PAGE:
When Spokane Civic Theatre announced they’d be kicking off their newest season with a production of the epic musical “Les Misérables,” it was hard not to be a little, well, incredulous.
That’s not to speak poorly of the abilities of the Civic’s outstanding cast and crew, but rather to the sheer scope of the show itself, which is so enormous that I couldn’t imagine it being properly executed without a Broadway-size stage and a million-dollar budget.
Apart from the difficulty level of the show, there was a further roadblock: Director Douglas Webster, who has performed in “Les Miz” on Broadway, was brought in only a couple of months ago to replace Yvonne A.K. Johnson, the Civic’s former artistic director, after the show had already been cast and production was underway.
But despite the behind-the-scenes commotion, my apprehension was for naught: Webster and his remarkably talented cast have put together an excellent show, and their lively, stirring interpretation of “Les Misérables” is of a quality that all community theater should strive for.
“Les Miz,” based on the 1862 novel by Victor Hugo, is one of the most recognized and renowned musicals of the last several decades: It’s one of the longest-running shows in Broadway history, it won eight Tony Awards in its original run, and it was adapted into an Oscar-winning Hollywood film last year.
The show portrays the turmoil of 19th-century France, from the wretched existence of the peasants and ex-cons to the social upheaval that led to the Paris Uprising of 1832, which serves as the musical’s dramatic climax. It’s also the story of Jean Valjean, who attempts to redeem himself, both morally and spiritually, after a lengthy prison sentence he received for a petty theft.
But “Les Misérables” is truly a performer’s show, and I can’t stress enough the excellence of the entire ensemble that the Civic has assembled here. The score, written by Alain Boublil and Claude-Michel Schonberg and translated into English by Herbert Kretzmer, features individual musical numbers that really allow the actors to show off their pipes.
Jim Swoboda is remarkable as Jean Valjean, one of the most coveted (and trickiest) roles in any musical. He’s never better than in Valjean’s second-act solo “Bring Him Home,” a moving ballad that requires a remarkable vocal range and Swoboda nails every note. Also impressive is Darryl Gurecky as Javert, the police officer who aims to put Valjean back in prison, especially during “Stars,” which reveals the complex ideology behind Javert’s dogged pursuit.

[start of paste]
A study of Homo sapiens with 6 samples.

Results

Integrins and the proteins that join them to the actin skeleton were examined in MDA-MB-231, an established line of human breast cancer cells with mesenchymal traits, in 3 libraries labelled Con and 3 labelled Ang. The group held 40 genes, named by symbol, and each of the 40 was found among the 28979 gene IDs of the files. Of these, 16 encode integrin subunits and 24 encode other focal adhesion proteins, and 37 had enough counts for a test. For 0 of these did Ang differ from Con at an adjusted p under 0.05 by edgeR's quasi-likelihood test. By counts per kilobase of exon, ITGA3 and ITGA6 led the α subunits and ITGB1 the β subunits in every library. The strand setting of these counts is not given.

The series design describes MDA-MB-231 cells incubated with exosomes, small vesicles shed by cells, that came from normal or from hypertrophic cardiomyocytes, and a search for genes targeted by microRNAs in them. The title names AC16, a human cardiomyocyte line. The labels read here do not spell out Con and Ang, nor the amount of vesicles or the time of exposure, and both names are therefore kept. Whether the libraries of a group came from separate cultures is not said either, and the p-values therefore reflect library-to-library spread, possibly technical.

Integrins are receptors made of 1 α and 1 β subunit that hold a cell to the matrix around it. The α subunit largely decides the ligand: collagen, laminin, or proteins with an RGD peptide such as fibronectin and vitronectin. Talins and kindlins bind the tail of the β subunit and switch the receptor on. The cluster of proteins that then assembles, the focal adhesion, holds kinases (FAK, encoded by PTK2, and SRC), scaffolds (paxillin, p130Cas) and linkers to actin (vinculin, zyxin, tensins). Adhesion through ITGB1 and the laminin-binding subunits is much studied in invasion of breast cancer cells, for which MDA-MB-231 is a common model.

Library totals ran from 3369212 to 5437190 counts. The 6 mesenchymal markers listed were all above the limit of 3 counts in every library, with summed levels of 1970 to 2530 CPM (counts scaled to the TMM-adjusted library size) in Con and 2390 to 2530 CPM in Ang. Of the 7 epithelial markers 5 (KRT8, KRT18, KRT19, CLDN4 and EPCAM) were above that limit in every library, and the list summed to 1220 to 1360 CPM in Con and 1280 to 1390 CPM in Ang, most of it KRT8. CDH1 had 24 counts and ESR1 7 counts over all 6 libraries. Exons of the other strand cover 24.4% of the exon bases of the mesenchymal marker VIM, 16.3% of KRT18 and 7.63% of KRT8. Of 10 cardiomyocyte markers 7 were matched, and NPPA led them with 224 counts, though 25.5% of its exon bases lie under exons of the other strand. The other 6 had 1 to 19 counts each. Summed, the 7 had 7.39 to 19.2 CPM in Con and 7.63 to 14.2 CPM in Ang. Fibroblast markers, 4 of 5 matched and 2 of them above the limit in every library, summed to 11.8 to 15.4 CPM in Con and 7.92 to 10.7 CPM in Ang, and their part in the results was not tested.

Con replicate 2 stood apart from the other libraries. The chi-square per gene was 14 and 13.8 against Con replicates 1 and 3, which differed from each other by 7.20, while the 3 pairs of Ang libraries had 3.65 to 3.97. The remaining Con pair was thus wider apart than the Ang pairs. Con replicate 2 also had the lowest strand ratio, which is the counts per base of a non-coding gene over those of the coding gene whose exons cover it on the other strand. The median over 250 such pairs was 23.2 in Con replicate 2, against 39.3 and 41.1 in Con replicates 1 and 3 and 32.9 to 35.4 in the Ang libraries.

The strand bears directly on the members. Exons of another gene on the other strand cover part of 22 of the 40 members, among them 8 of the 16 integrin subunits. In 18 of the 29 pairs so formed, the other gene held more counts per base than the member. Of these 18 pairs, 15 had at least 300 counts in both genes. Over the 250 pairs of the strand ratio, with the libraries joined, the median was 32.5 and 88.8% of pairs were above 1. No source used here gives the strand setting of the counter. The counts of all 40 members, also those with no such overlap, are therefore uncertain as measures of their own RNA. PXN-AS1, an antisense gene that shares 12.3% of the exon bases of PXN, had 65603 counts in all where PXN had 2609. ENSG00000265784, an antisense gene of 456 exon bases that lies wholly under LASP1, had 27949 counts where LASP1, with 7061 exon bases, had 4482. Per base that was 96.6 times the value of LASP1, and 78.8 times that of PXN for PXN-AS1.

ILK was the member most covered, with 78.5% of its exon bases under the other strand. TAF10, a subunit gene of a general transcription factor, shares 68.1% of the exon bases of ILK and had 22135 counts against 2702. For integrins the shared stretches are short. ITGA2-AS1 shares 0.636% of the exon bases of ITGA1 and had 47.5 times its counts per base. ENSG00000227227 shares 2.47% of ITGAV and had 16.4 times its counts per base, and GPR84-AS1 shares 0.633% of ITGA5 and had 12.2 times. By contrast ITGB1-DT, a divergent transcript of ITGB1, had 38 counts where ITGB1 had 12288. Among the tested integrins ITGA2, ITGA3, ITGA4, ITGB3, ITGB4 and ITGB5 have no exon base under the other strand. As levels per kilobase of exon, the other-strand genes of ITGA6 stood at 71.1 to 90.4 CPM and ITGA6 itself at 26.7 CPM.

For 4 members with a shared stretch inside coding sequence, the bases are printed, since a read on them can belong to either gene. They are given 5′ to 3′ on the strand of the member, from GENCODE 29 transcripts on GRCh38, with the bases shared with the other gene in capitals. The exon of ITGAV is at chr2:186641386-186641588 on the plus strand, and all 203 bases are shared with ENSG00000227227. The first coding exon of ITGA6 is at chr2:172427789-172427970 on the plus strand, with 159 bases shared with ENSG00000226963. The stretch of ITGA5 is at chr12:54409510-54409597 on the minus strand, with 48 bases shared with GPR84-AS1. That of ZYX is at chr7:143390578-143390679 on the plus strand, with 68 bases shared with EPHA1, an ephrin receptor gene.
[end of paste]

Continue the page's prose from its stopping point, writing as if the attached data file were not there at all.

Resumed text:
At the opposite end of the spectrum is “Master of the House,” the hilarious showstopper performed by drunken barkeep Thénardier and his wife, played with terrific comic dexterity by Doug Dawson and Darnelle Preston. And, of course, there’s “I Dreamed a Dream,” arguably the show’s most famous tune, gorgeously sung by Andrea Dawson Olsen as tragic waif Fantine.
One of the great pleasures of “Les Miz” is the supporting cast that fills out as the show progresses, and they’re brought to life here by Civic’s stable of first-rate actors: Natalya Ferch as Fantine’s daughter Cosette, Cody Bray as Cosette’s admirer Marius, Miranda Anderson as the beautiful street dweller Éponine, and Robby French as revolutionary leader Enjolras.
Apart from the actors, the staging here is particularly impressive. The production crew has recreated the rotating platform utilized in previous productions of “Les Miz,” and it’s easily transformed into the barricades during the climactic rebellion and the bridge overlooking the River Seine. It’s a little creaky, but no matter: It’s exciting to watch the Café Musain become the Rue Plumet with a mere rotation of the stage.
I think the reason “Les Misérables” works so well and connects with us emotionally is that it begins on an intimate, personal scale before unfolding into a vast historical epic. The individual plights of Jean Valjean and Cosette bring humanity to the social and political issues at large, and Webster and company seem to understand that.
It’s impressive enough that they had the nerve to attempt “Les Misérables” in the first place, but it’s even more impressive that they’ve pulled it off so grandly.